This year Maine’s fall weather has shown hikers one thing: It sure is changeable. One day it’s summerlike and the next you need to wear your mitts and wool hat. Sometimes it happens in the same day.
That’s typical in fall, the second-most changeable season after spring. Expecting conditions to change is part of planning for a safe hike any time of year. It’s especially important when it comes to fall hiking. Having a safe hike is important in any season, and it’s no different in autumn. What follows are a few tips to make your fall hikes a little more comfortable and safer.
Plan the length of your hike around the reduced amount of daylight in fall. Days are getting shorter as the season progresses. If you plan to take a half-day hike of more than six hours, plan to start before the “crack of noon” or you could be hiking back after dark. By starting early, if there is some incident where you need help, you increase the chances of aid arriving before dark.
Read the trail descriptions in your guidebooks and be realistic in estimating your ability to complete your hike in the average time in the description of the trail. Set a firm departure time and, more importantly, a firm turn-back time. Leave word with someone at home on your planned hike, or a note on the table at your home, if you’re going solo.
What to carry
It’s a fact of autumn that temperatures are lower, almost winterlike, so pack extra layers. Wear polypropylene or other wicking layers. No cotton. The saying “cotton kills” applies more in autumn than summer. It soaks up perspiration and stays wet, chilling you more; dangerously in the wind. Pack an insulating layer of fleece to wear at rest breaks.
Pack a rain shell to double as a wind shell for breaks and summit stops for views. Bring at least 2 quarts of water for any hike longer than two hours. Pack lots of snacks to carry in jacket pockets for easy access during breaks. Eating calories equals heat to fuel your body, so plan to snack often, before you’re hungry. If you pack a thermos of hot chocolate or cider, you’ll be warmed from the inside when you stop. Pack gloves and a hat, and maybe a down vest, for colder days.
On your hike
When you leave the trail head to start your hike, wear as few layers of clothing as possible to be comfortable. Everyone’s heat engine is different, but you should start hiking to warm up. When you do stop for breaks, throw on the wind shell first to trap your body heat so you stay warm. Take it off again and pack it before hiking off again. It will keep you moving to warm up. If you’re with a partner or group, time your departure together so no one stands around getting chilled.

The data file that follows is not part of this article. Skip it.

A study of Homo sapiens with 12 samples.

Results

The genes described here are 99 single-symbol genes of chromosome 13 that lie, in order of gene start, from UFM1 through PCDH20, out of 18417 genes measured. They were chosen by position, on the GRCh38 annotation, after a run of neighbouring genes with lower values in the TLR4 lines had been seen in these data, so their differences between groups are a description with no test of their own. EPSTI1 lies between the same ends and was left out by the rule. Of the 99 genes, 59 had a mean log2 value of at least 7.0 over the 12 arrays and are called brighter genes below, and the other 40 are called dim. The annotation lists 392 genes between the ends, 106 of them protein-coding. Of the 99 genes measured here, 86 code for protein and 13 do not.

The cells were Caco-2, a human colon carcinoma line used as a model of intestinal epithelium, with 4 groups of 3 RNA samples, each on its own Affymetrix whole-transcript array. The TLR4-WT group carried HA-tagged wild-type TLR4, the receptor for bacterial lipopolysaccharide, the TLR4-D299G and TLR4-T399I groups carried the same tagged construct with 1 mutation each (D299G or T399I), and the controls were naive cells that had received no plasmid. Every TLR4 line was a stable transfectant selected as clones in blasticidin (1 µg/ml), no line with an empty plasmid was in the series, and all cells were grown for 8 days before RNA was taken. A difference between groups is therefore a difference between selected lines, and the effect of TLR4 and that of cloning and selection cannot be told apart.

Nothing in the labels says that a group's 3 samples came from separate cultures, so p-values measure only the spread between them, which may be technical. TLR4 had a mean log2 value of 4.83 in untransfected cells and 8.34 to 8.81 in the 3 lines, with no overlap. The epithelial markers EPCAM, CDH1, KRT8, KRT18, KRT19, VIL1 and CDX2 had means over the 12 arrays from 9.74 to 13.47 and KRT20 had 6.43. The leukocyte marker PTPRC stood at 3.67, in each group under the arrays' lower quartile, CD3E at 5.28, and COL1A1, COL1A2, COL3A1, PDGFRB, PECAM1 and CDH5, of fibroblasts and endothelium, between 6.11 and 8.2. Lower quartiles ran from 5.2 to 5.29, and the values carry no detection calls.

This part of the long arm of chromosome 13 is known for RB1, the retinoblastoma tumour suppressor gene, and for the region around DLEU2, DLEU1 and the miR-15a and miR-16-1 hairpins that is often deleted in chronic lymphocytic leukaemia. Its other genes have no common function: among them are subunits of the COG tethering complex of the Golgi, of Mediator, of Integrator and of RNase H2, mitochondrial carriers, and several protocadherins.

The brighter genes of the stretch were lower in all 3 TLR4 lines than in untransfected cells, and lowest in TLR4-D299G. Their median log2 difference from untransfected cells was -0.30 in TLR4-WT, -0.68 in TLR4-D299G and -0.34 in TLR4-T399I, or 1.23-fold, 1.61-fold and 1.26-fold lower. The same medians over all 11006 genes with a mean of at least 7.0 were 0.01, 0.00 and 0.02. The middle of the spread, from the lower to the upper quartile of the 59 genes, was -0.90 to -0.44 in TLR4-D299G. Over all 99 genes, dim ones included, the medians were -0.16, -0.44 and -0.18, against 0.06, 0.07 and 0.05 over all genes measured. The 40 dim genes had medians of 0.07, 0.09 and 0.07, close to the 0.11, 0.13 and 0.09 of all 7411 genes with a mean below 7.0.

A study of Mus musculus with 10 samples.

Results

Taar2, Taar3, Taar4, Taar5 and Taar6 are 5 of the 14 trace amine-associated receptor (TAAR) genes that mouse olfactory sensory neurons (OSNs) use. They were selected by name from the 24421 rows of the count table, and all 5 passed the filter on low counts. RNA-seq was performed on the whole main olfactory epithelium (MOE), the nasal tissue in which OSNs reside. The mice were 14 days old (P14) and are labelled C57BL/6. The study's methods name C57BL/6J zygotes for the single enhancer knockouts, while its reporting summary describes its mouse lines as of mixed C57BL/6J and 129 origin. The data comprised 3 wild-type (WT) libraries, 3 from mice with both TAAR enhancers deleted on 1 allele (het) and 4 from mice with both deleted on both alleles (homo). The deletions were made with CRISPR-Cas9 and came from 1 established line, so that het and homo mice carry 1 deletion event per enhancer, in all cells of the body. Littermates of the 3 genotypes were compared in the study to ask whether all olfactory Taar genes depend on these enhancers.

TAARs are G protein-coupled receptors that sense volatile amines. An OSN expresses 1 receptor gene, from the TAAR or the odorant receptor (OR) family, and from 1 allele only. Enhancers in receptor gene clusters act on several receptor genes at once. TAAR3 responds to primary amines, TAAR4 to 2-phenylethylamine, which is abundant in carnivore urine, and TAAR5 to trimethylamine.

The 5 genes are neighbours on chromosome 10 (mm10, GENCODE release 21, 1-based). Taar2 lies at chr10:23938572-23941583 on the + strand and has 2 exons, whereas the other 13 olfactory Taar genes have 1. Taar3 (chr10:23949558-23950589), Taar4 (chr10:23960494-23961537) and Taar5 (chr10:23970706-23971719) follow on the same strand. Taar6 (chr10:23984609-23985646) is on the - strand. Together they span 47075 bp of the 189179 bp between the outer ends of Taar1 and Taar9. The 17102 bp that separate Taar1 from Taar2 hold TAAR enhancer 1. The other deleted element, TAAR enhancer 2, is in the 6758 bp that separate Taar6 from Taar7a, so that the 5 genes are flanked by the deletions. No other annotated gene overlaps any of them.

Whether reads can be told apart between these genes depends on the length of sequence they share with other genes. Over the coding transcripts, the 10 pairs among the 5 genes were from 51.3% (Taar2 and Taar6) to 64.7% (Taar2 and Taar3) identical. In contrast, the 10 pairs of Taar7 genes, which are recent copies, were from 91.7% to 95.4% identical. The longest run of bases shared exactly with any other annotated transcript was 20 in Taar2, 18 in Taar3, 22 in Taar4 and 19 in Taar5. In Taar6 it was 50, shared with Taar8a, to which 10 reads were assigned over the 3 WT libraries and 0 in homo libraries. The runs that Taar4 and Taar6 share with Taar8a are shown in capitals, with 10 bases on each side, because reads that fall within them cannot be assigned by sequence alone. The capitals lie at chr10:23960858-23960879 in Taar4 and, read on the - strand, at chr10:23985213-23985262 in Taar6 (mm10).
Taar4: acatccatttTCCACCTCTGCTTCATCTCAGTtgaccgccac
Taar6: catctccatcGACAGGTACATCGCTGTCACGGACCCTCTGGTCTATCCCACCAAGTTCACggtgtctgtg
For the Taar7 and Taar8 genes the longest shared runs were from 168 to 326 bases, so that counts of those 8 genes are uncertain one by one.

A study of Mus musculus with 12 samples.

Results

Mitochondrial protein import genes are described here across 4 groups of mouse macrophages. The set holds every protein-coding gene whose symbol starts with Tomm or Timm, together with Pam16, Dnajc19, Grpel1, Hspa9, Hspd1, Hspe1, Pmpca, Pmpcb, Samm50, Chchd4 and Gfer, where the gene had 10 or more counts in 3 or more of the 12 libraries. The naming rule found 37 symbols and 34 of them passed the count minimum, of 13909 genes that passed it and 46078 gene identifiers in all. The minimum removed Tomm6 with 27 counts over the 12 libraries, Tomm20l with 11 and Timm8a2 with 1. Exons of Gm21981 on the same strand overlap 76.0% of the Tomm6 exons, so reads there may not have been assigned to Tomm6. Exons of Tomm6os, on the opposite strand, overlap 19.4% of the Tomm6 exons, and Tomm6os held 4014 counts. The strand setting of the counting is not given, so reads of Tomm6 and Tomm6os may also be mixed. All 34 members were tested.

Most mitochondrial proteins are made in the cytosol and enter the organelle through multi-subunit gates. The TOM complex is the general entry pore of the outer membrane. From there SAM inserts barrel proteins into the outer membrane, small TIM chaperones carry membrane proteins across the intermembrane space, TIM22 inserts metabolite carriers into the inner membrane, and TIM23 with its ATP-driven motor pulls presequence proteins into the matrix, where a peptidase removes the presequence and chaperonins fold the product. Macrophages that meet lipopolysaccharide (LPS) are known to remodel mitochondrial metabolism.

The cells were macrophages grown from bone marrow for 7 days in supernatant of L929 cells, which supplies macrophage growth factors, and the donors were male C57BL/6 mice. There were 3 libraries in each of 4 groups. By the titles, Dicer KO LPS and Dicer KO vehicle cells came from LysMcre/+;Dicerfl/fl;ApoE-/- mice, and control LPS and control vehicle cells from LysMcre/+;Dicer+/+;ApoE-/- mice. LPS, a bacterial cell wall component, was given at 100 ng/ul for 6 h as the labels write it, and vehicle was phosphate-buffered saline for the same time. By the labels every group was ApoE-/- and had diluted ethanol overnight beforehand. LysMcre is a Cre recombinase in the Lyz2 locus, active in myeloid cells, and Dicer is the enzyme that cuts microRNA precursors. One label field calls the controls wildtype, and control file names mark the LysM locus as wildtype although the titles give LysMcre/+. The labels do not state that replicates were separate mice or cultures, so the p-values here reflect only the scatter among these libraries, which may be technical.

Drink water before you’re thirsty. Although heat exhaustion is usually not a problem in autumn, dehydration could be. Dehydration is actually common among hikers who think that just because it’s cool, they don’t need to drink as much. Cold air actually is just as drying as warm air.
When you stop on summits, find sheltered spots for wind breaks, even if it means giving up a great view. Humans start feeling the effects of wind chill in temperatures as high as 50 degrees.
If you find you’re not moving quickly enough to make it back to the trail head before dark, this is where having a firm turn-back time comes in. Temperatures drop quickly once the suns sets behind the trees, around 5 p.m. or earlier this time of year.
Hiking in hunting season
Fall is the time of year when hikers and hunters may encounter each other. In some state park and wildlife refuges hunting is allowed. In others it’s not. It’s up to you to find out the rules and regulations specific to your planned hike. There is usually contact information at trail head kiosks.
In trail networks that allow hunting, hikers should wear at least one article of hunter orange. Just because you are on a trail doesn’t mean you’re safe without it. When you’re wearing a pack it’s difficult for the orange to be seen, so wear an orange hat or clip it to your pack. You also can wind orange surveyor flagging tape around your pack or hang it from your backpack.
Autumn is great hiking weather if you’re prepared. The sky is less hazy than in summer, the crowds have thinned out and you won’t need the head net and bug repellent. After the leaves drop, even the landscape looks different in the strong, low-angle fall sunshine.
Here are a few contacts for rules and regulations on hunting areas in trail networks:
• Maine Bureau of Parks and Lands, 287-3821, maine.gov/doc/parks. Information on state parks and public lands.
• North Maine Woods, 435-6213, www.northmainewoods.org. Information on private lands from Jo-Mary, Greenville north to the St. John and the Allagash, including Katahdin Iron Works, Gulf Hagas and part of the Appalachian Trail.